Ministers press ahead with quashing Post Office convictions

The Government has announced that it will quash convictions in order to exonerate subpostmasters wronged in the Horizon scandal by “discredited” prosecutors.

Revealing further details of the legislation today, Kevin Hollinrake, the Post Office minister, said that the “unprecedented” intervention will “deliver long overdue justice to postmasters”.

Prime Minister Rishi Sunak earlier this year announced blanket legislation to clear their names after a TV drama thrust the saga into the spotlight and sparked public outrage.


Post Office minister Kevin Hollinrake speaking during an urgent question on the Post Office Horizon scandal in the House of Commons.Post Office minister Kevin Hollinrake speaking during an urgent question on the Post Office Horizon scandal in the House of Commons.
Post Office minister Kevin Hollinrake speaking during an urgent question on the Post Office Horizon scandal in the House of Commons.

Announcing some of the details of the law in a written ministerial statement, Mr Hollinrake said it will quash convictions defined by a “clear and objective criteria”.

The legislation will specify who the prosecutor was in relevant cases, and will “quash these prosecutions where the prosecutor is, in effect, discredited”, he said.

Crown Prosecution Service cases will be included within the Bill’s scope, but no convictions from the Department for Work and Pensions as none have been overturned.


Mr Hollinrake said the Government’s legislation was likely to also clear the names of people “who were, in fact, guilty of a crime”.

He said this was a “price worth paying” in order to quash convictions for many innocent people.

Former Post Office Chair Henry Staunton, current CEO Nick Read, and former sub-postmasters including Alan Bates, will give evidence to MPs on progress on redress to Post Office Horizon scandal victims next week.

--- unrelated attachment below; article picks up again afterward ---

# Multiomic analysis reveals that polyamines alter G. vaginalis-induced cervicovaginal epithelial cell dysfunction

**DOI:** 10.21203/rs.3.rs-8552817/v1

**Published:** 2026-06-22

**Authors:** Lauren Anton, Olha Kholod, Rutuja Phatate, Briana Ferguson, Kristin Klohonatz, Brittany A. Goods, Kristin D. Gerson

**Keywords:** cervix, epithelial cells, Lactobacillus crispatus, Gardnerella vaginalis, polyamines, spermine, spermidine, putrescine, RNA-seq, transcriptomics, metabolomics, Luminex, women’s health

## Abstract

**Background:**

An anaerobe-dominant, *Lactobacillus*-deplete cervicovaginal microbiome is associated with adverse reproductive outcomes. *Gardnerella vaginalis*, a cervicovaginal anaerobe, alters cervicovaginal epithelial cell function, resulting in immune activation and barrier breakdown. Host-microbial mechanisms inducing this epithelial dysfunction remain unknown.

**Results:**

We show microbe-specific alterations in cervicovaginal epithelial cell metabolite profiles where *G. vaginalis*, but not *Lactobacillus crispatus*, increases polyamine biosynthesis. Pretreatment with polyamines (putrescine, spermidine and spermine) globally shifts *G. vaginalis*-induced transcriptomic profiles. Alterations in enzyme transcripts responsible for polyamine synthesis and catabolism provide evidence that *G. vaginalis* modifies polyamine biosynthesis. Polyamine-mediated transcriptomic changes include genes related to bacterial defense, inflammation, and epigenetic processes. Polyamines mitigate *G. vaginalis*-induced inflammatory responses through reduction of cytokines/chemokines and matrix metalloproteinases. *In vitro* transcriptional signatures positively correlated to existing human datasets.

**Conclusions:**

Campaigner and former subpostmistress Jo Hamilton said that she will “believe it when I see it”, adding: “Any promises they’ve made they’ve not kept.”

Reacting to the details of the new legislation, Ms Hamilton added: “Well, I guess it’s the only answer to overturn loads of them and encourage people to come forward.

“But they need to be concentrated on paying the group who actually took them to court in the first place.”


“I would just say, I’ll believe it when I see it, because they’ve never stuck to anything. Any promises they’ve made they’ve not kept.

“So I would be very cynical.”

In terms of measures to mitigate the risk of clearing those guilty of offences, Mr Hollinrake said people will be required to sign a statement to the effect that they did not commit the crime for which they were convicted in order to receive financial redress.

If people are found to have signed the statement falsely in order to gain compensation, they “may be guilty of fraud”, he said.


A spokeswoman for the Prime Minister said the Government wanted to see the legislation “introduced very soon”, with it “in place by the end of July” to ensure compensation can be paid by then to those postmasters still waiting to be exonerated.